KYOCERA Announces Resolution of Patent Infringement Lawsuit Against Hanwha Q CELLS Japan Co., Ltd.
By Business Wire News
Kyocera Corporation (headquarters: Kyoto, Japan; president: Goro Yamaguchi) today announced that it has concluded a technology licensing agreement with Hanwha Q CELLS Japan Co., Ltd. (headquarters: Tokyo, Japan; president: Jongseo Kim). The agreement features a license for Kyocera’s Japanese patent related to a “three-bus-bar electrode structure” that increases energy conversion efficiency in solar modules (Japanese patent no. 4953562), and also includes a mutual exchange of patent licenses between the two companies to be executed in the future. Under the terms of the agreement, Kyocera has withdrawn its lawsuit against Hanwha Q CELLS Japan Co., Ltd. relating to the above-cited patent as of October 6, 2015.
Kyocera has conducted R&D in the field of solar energy continuously since 1975, achieving a number of technological innovations. Through effective utilization of the two companies’ patents, Kyocera will strive to continually develop advanced products. The company recognizes intellectual property as a vital asset, and remains committed to the further development of its solar energy business.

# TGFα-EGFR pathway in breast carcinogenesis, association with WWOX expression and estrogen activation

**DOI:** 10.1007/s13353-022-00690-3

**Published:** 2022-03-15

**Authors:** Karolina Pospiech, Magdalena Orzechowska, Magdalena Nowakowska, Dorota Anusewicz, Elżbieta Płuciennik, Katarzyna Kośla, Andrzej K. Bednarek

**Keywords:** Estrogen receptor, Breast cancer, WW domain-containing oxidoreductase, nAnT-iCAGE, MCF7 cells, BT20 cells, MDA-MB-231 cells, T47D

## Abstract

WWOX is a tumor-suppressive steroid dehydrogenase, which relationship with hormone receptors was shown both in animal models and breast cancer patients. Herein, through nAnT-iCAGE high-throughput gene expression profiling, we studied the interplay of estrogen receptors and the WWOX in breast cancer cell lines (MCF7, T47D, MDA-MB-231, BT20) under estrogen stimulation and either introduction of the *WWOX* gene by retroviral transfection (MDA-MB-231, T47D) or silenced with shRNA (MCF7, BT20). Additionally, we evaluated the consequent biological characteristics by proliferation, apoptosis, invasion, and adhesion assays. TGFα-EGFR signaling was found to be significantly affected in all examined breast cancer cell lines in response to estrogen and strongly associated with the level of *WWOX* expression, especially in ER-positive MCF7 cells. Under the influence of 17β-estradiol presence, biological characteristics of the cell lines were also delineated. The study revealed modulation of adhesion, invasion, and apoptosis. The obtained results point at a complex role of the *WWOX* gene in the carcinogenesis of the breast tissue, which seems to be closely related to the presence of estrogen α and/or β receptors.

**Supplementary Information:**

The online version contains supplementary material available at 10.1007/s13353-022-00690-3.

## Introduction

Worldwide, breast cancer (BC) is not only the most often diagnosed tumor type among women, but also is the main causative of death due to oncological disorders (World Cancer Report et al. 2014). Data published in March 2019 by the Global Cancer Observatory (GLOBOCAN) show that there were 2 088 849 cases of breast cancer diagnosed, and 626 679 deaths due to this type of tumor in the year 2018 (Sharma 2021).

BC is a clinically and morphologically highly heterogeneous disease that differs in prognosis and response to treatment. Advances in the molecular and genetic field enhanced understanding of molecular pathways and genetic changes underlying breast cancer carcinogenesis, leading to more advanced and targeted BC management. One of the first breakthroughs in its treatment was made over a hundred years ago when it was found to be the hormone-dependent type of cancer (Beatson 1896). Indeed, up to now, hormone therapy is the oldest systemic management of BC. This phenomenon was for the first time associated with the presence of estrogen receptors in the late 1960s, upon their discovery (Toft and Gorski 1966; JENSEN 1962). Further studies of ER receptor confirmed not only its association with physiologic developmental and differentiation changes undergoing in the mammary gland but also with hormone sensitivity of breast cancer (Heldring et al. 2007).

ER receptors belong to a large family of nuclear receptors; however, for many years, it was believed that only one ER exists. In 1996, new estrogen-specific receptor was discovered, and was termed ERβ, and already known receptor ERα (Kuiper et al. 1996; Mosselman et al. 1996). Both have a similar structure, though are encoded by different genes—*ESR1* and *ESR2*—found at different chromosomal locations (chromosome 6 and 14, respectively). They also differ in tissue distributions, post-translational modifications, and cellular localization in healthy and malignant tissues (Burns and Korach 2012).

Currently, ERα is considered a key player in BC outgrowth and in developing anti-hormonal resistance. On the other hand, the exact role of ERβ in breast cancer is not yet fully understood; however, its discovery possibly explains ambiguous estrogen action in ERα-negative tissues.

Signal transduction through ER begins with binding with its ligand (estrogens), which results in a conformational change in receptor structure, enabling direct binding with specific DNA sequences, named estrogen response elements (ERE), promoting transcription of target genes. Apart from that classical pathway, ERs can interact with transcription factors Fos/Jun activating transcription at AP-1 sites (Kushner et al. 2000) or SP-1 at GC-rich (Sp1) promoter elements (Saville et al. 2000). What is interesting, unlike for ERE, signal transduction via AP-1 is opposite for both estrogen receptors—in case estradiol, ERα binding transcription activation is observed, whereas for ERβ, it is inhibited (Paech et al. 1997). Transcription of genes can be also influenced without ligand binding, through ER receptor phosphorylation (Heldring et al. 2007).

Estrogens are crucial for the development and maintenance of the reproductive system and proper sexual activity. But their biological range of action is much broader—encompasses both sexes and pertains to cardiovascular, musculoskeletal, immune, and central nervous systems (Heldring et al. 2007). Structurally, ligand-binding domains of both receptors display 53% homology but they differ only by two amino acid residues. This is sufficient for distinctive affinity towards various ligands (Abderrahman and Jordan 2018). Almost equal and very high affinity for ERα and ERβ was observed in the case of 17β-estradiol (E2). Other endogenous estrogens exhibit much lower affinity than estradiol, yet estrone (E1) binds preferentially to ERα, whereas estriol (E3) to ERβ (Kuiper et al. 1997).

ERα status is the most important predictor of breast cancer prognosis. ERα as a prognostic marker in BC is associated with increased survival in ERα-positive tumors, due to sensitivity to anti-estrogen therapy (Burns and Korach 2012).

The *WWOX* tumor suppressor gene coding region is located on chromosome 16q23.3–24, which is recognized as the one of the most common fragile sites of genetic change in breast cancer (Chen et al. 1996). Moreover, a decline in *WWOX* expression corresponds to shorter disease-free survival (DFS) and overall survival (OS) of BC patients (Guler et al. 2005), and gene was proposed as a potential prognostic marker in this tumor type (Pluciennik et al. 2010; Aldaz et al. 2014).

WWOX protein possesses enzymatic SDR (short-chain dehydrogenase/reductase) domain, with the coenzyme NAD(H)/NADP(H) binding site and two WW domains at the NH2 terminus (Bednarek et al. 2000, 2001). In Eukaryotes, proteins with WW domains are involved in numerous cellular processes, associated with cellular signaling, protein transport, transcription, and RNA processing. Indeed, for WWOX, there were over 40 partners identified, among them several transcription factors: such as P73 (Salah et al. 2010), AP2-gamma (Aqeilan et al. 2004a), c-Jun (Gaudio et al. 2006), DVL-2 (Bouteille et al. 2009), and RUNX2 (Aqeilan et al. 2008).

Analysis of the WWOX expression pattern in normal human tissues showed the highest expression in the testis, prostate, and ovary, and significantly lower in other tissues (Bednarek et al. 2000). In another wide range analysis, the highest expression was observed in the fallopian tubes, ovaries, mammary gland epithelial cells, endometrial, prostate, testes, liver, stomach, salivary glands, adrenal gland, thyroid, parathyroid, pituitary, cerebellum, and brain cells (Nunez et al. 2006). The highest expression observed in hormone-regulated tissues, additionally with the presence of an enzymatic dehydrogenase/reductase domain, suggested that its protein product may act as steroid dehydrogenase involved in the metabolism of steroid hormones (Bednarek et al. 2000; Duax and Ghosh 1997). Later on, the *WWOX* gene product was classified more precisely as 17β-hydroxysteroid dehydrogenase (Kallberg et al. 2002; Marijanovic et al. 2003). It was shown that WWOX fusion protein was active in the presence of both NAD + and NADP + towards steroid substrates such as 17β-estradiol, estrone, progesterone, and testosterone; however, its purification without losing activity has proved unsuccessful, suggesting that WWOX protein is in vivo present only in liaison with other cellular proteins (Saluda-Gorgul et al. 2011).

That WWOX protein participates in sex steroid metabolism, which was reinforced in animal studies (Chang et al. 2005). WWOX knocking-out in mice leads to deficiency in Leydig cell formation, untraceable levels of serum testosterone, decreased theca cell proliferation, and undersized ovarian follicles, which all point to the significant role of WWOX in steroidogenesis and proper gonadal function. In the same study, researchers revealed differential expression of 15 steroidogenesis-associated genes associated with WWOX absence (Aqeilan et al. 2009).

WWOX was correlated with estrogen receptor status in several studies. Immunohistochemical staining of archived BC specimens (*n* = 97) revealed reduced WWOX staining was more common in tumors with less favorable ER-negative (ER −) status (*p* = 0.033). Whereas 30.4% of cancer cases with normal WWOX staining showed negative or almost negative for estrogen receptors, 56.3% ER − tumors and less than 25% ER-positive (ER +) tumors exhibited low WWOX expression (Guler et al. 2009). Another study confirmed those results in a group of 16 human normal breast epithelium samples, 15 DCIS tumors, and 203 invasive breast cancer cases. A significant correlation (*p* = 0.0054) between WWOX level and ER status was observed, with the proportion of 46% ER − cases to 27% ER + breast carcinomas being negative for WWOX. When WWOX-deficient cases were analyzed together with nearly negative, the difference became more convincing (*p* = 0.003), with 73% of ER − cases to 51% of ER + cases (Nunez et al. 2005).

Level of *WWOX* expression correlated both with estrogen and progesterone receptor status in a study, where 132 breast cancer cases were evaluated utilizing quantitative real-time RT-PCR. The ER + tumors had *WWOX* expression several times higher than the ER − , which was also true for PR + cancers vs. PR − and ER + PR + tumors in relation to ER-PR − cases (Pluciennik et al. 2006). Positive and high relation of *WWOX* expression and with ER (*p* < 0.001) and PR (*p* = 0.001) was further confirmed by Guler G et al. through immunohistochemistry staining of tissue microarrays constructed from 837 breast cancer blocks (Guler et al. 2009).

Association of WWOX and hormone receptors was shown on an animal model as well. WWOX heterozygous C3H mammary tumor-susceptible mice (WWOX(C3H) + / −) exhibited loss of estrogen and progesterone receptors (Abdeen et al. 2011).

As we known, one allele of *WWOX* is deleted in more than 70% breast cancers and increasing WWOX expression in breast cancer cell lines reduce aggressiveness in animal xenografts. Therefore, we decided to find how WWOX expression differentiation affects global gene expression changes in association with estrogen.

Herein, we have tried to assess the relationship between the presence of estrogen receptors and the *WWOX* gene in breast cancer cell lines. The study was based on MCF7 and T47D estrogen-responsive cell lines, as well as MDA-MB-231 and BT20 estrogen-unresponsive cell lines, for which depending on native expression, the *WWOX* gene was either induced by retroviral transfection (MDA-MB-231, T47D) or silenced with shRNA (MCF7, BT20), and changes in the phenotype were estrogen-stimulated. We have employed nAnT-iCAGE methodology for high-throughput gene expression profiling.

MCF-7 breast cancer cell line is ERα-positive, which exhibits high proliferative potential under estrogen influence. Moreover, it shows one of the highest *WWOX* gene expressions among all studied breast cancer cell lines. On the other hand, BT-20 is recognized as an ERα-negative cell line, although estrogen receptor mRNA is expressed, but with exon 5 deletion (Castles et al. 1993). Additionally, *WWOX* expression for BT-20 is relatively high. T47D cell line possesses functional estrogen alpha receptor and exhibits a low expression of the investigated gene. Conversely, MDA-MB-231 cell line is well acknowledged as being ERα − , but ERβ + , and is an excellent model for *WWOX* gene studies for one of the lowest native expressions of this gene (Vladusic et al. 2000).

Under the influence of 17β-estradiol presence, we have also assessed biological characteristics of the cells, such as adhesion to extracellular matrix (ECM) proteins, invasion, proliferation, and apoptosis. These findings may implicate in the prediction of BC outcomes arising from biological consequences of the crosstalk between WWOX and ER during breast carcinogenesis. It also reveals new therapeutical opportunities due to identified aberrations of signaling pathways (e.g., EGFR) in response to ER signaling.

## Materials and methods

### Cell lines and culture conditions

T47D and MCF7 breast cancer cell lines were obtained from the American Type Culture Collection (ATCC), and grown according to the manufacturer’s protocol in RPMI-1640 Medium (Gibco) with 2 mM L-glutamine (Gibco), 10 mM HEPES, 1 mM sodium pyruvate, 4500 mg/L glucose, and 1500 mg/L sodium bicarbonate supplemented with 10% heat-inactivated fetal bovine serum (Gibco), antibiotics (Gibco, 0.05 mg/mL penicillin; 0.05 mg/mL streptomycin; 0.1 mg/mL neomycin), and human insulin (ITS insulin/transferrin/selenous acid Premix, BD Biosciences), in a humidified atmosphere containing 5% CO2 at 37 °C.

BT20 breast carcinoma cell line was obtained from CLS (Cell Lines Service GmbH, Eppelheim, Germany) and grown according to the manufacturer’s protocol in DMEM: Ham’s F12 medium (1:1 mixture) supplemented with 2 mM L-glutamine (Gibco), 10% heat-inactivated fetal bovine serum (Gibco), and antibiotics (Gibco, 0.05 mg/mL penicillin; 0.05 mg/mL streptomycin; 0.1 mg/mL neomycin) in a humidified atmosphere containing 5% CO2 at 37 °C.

Kyocera Corporation (NYSE:KYO)(TOKYO:6971) (http://global.kyocera.com/), the parent and global headquarters of the Kyocera Group, was founded in 1959 as a producer of fine ceramics (also known as “advanced ceramics”). By combining these engineered materials with metals and integrating them with other technologies, Kyocera has become a leading supplier of solar power generating systems, mobile phones, printers, copiers, electronic components, semiconductor packages, cutting tools and industrial ceramics. During the year ended March 31, 2015, the company’s net sales totaled 1.53 trillion yen (approx. USD12.7 billion). Kyocera appears on the latest listing of the “Top 100 Global Innovators” by Thomson Reuters, and is ranked #552 on Forbes magazine’s 2015 “Global 2000” listing of the world’s largest publicly traded companies.